Friday, September 10, 2010

Brody's Scribbles... Hard Choices, Real Consequences

By Joseph Couture (London, Ontario) SEPT 10 | It is hard to image how difficult it must be for an individual to live with HIV. The very real threats of deteriorating health, the social stigma and risk of rejection from family and friends would hang like a cloud over your life. It must be awful.
In Canada where I live an individual is legally required to inform their sexual partners of their status before engaging in any sexual activity that might subject the other party to risk of infection.
This country has taken an aggressive position on prosecuting those who fail to disclose. In the very public debate that is currently unfolding, many leading AIDS educators and gay activists have condemned this approach saying that it is wrong to criminalize the spread of a disease.  Perhaps using the crude, blunt instrument of the law is unwise, but the fact of the matter is there must be individual responsibility somewhere in this process.
I wrote a book about sex and how gay men go about getting sex; from that process I learned the truth of the situation. The fact is that the vast majority of gay men who are HIV positive do not inform their sexual partners before they have sex with them.
To be fair, many men don’t ask first.  They may make assumptions or take risks for whatever reasons.  I guess if you don’t ask, maybe you have to take responsibility for that choice. Likewise, there are lots of people who are positive who do disclose that information when it is appropriate.  Good for them.  They are the model of good judgement and good character.  But not everyone makes the same choices.
I recently I asked an acquaintance of mine who is positive how he handles sex with men he doesn’t know.  “I say nothing,” he told me. “I’m there to have sex, not put my life on display.”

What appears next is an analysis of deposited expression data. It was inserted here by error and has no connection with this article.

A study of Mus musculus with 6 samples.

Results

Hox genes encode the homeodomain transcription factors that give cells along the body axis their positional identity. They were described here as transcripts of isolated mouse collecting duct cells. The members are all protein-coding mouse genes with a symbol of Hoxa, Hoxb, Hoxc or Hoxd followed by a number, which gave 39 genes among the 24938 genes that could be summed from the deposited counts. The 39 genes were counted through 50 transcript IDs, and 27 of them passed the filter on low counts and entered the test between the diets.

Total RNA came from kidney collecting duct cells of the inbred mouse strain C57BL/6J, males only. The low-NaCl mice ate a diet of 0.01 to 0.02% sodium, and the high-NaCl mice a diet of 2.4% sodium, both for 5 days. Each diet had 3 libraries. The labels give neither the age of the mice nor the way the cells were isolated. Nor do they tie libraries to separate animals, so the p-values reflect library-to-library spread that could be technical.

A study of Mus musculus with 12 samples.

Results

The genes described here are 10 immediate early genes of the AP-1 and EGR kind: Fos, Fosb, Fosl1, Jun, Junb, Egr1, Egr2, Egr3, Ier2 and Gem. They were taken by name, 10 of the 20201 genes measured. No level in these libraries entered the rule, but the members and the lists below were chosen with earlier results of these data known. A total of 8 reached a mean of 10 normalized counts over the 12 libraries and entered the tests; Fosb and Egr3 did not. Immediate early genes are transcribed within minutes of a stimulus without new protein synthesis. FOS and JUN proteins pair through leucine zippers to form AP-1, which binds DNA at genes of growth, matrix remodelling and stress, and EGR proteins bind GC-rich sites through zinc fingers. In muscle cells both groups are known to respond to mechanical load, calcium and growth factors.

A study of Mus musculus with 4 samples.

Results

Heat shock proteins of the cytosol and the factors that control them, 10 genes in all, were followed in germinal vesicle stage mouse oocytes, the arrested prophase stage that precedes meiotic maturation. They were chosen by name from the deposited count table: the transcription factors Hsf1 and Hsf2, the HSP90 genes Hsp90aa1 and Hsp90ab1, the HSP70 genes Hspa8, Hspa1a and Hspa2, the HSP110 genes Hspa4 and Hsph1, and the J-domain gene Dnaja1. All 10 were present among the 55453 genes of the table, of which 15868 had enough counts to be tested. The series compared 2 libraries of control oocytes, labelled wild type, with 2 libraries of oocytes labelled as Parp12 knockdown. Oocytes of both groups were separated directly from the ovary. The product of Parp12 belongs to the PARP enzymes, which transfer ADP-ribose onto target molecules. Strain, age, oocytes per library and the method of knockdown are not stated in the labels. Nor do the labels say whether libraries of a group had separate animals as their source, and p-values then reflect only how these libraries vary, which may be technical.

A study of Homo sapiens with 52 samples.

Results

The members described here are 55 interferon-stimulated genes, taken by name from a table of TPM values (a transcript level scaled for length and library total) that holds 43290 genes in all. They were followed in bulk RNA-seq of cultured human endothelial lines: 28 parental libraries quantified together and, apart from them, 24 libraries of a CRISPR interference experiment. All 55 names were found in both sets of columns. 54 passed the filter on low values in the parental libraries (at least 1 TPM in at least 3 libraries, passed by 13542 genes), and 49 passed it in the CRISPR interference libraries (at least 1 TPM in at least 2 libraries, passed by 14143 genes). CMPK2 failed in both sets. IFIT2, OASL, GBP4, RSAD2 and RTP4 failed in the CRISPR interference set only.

I asked him what he does when people ask. “They usually say something like, ‘Are you clean?’ And I say yes, I had a shower this morning.”  I must have looked a bit stunned because he followed up by saying, “If I told the truth they wouldn’t have sex with me.”
I have to admit I was disappointed with him.  Maybe he wouldn’t get sex if he told the truth, but telling the truth is still the right thing to do.  The other person has a right to make an informed decision and without the truth their consent is not valid in my view.
I do not wish to subject HIV positive people to any more hardship than they already must endure, but that doesn’t change the fact that they have a responsibility to others.  So too, the activists have a responsibility to communicate that this is not an option.  It is something that must be done, whether or not it is difficult.
What is hurting us all in this very public debate about responsibility is the fact that so few people are willing to take responsibility.  In this process I can only appeal to the best in people.
That means we must take care of our own.  We must take care of those who are sick, and we must protect those who are not.  Passing the buck and avoiding responsibility does not build communities, it destroys them.
Joseph Couture is a Canadian based Author and Freelance Journalist. Joseph's blogsite can be found here: [ Link ]


Trab said...

Not asking if someone you are thinking of having sex with is HIV positive certainly puts the responsibility on you, pretty much as pregnancy is your responsibility if you don't make sure the lady has taken her pill. Yes, it is up to both of you, but don't ask, don't tell is just as bad here as in the military, just a lot more potentially lethal.